Mexico’s economy may surprise you

 Getty Images Traders work on the floor of the New York Stock Exchange.

Getty Images
Traders work on the floor of the New York Stock Exchange.

The only thing I can really say for certain about 2014 is that it’s a difficult year to predict. There simply isn’t anything that could possibly match my gold prediction a few years ago and my Japan Nikkei prediction last year. So much of the world has had an epic run lately that the opportunity to find what I view as mispriced assets does not seem nearly as obvious. But for the record, I do believe we will continue an upward march as the Japanese government continues to weaken the yen.

A dull but important reminder: I do not invest in any of these predictions—or anything at all outside of my 401(k) plan and the offerings it includes. We at CNBC cannot own individual equities (save for shares of Comcast through our employee ownership program). I also don’t buy or sell any options or short anything (though I wish I could have acted upon my negative feelings on gold the past few years). My own 401(k) plan is nearly 100 percent stocks, and in the past 12 months I increased exposure to European equities.

(More predictions: Gas below $3? Boldest predictions for 2014)

That down, here are some of my thoughts for 2014.

The Dow will be “meh”

It’s going to be tough for the American stock market to equal the growth of 2013. Though I do believe the economy will continue to march upward, much of that optimism is already priced in. Additionally, many of the things that drive stocks up—the Fed, buybacks and a record year for dividend payouts—will slow down. A continued outflow from bonds should help the stock market mitigate some of that, but I don’t believe it will be enough to have another big year for the Dow. I know it’s en vogue on Wall Street to love stocks right now, but I just can’t get on board. We may see some pain at the beginning of the year, and then we should recover and limp along to around a 5 percent gain for the Dow by year’s end.

Viva Mexico!

In no way am I suggesting the Mexican stock market will be this year’s Nikkei. I get the feeling the Japanese market had one of those years that only comes around once every two or three decades. But I do like the way the Mexican economy and stock market is looking heading into the new year (and beyond). There is a growing middle class in Mexico that is benefiting from an economy showing increased stability. The Mexican Congress recently agreed to end a 75-year monopoly and allow foreign investment in oil, an important development. However, keep in mind that the Mexican benchmark IPC stock index has more than doubled off the 2009 lows, so some of the optimism may already be baked in. This is really a long-term prediction I am making, but you have to start somewhere.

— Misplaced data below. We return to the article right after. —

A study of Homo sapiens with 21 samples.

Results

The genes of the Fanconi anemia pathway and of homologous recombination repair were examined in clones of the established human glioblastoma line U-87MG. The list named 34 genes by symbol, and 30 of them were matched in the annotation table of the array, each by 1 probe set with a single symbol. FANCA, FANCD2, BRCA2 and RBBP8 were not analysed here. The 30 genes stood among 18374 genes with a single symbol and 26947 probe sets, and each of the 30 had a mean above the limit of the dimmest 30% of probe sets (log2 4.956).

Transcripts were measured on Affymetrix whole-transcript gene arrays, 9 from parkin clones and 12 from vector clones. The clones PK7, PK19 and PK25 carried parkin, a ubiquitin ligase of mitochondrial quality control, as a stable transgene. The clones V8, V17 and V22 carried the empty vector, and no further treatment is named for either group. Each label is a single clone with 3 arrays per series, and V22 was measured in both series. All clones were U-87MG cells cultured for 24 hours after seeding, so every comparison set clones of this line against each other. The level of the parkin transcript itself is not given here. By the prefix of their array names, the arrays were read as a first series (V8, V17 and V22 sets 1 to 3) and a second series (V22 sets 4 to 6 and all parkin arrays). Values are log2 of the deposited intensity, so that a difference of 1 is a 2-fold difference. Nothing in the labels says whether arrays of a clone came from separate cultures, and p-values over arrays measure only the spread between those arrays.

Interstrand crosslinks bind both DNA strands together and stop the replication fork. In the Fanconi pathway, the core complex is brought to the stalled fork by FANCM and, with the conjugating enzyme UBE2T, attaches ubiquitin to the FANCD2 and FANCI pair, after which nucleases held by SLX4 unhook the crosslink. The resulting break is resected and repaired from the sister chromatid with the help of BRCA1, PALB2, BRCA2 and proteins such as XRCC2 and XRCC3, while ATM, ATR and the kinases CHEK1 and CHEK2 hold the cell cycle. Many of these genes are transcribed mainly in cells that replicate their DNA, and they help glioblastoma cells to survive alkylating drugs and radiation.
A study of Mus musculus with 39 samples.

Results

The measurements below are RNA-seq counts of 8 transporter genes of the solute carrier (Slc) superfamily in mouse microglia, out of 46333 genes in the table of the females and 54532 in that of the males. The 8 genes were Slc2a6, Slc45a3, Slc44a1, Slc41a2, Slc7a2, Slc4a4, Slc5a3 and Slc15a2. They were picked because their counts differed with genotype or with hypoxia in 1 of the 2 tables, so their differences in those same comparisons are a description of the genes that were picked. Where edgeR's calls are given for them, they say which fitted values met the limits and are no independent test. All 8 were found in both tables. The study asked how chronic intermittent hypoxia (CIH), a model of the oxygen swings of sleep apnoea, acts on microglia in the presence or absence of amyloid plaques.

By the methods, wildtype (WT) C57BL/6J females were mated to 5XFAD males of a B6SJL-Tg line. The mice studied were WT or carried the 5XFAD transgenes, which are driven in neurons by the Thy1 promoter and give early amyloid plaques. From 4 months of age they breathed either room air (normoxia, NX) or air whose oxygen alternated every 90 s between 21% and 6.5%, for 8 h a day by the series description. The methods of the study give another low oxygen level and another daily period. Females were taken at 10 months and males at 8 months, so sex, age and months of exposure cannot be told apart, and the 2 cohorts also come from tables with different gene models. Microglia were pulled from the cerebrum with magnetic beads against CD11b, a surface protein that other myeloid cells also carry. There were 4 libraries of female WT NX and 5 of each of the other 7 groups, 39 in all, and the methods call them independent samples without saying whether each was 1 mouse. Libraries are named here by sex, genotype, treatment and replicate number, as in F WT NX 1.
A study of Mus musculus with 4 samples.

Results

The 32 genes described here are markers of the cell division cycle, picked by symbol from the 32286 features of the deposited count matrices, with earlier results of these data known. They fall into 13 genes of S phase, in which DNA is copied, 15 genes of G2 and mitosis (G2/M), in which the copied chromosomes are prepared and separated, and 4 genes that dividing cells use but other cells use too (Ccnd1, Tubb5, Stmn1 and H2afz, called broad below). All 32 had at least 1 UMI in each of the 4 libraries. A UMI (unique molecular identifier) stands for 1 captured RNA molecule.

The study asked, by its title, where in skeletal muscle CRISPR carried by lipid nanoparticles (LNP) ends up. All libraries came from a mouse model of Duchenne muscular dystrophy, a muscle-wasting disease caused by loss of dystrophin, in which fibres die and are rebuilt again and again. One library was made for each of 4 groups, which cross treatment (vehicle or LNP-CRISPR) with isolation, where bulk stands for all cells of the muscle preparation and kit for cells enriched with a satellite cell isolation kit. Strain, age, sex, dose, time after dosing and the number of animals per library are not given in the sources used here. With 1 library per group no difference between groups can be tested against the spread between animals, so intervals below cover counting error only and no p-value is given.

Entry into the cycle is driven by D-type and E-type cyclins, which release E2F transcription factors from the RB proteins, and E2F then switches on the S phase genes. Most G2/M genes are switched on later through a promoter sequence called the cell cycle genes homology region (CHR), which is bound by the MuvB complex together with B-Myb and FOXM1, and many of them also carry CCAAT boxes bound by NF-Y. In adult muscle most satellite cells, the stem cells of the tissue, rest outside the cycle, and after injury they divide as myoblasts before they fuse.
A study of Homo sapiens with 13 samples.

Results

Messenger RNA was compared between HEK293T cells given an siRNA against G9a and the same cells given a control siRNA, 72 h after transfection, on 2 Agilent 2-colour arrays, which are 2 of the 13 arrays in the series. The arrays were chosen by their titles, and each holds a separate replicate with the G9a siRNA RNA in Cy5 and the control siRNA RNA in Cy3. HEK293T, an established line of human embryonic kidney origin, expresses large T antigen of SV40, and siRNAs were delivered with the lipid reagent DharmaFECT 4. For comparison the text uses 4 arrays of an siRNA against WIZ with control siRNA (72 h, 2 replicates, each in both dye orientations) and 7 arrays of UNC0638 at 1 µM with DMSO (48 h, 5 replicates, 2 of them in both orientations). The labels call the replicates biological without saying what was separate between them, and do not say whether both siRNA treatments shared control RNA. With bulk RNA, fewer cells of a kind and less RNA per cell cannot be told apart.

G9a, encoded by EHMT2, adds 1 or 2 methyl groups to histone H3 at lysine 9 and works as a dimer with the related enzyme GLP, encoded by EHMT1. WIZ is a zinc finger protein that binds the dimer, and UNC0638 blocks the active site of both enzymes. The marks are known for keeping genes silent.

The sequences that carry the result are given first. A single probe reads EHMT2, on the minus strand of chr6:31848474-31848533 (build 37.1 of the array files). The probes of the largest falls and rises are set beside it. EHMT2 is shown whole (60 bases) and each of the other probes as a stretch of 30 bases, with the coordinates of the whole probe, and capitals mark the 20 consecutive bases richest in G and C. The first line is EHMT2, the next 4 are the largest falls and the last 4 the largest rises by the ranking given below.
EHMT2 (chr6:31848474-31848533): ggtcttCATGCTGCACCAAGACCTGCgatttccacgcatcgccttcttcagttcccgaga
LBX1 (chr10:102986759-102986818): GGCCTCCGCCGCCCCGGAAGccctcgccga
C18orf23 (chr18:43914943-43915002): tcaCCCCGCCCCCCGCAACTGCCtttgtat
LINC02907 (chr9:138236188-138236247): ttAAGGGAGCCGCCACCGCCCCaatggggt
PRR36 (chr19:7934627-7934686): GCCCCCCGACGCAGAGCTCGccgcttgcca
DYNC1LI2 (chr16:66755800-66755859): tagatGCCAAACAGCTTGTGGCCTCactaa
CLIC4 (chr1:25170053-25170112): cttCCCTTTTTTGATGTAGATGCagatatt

(More predictions: Where many Americans think stocks are headed)

Duncan Chard | Bloomberg | Getty Images Molten gold pours from a crucible into a heated mold after refining at the Kaloti Jewellery LLC factory in Sharjah, United Arab Emirates.

Duncan Chard | Bloomberg | Getty Images
Molten gold pours from a crucible into a heated mold after refining at the Kaloti Jewellery LLC factory in Sharjah, United Arab Emirates.

Rain on the ‘cloud’

Before I get to my prediction, can we all just agree to end this notion of so-called‘cloud’ computing. A few years ago the idea of running software from a remote computer was new and novel. Now it simply is computing. With the exception of some specialized software I use to analyze my race car, I can’t think of any programs I run natively on the hard drive. Perhaps we in the media should start referring to old-school software as “ground” computing instead, because that seems to be the anomaly rather than the norm.

Rant over, my prediction: Be careful of any tech company that’s gotten a boost simply because of the “cloud” story. Many of these companies are trading at earnings multiples in the high double or even triple digits (if they have any earnings to make a multiple at all). Can a company truly grow into a valuation of more than 10 times sales? We’ll see. And that’s not to say there aren’t some spectacular companies doing innovative things, but any company that is not running software as a service seems antiquated. Just as all things “dot com” captured the attention and stretched multiples in the late ’90s, so too is this notion of the cloud today. I would not be surprised to see some of the multiples contract on the “pure play cloud”–type companies.

Gold = Tired Old Mule

For the record, I like mules. A noble pack animal that serves a purpose, it doesn’t need much affection and gets the job done. So perhaps I should not compare gold to mules, because I feel that gold will continue to be the opposite: serve no purpose, needs love and doesn’t get much done. It’s a boring prediction for me, as my loyal viewers and readers know: I have been negative on gold for more than three years. The reasons I was negative then are the same reasons I am still negative now—a recovering global economy, lack of inflation, currency stability and less need for central banks to purchase gold because of currency stability. Boring or no, people love gold; thus, my need to address my views heading into next year.

(More predictions: Your software is going to get smarter)

I’ll add this to the gold story: One thing that has me nervous and could prove me wrong is supply. If prices keep falling, some of the higher-cost gold producers may take production off-line. That could put a floor under the price. By the way, for anybody interested in gold, its history, some of the horror stories involved in mining the middle, and just a great understanding of how the gold market works, I highly recommend Matthew Hart’s new book, simply entitled “Gold.” It’s well worth a read.

By Brian Sullivan, co-anchor of CNBC’s “Street Signs.” Follow him on Twitter@SullyCNBC.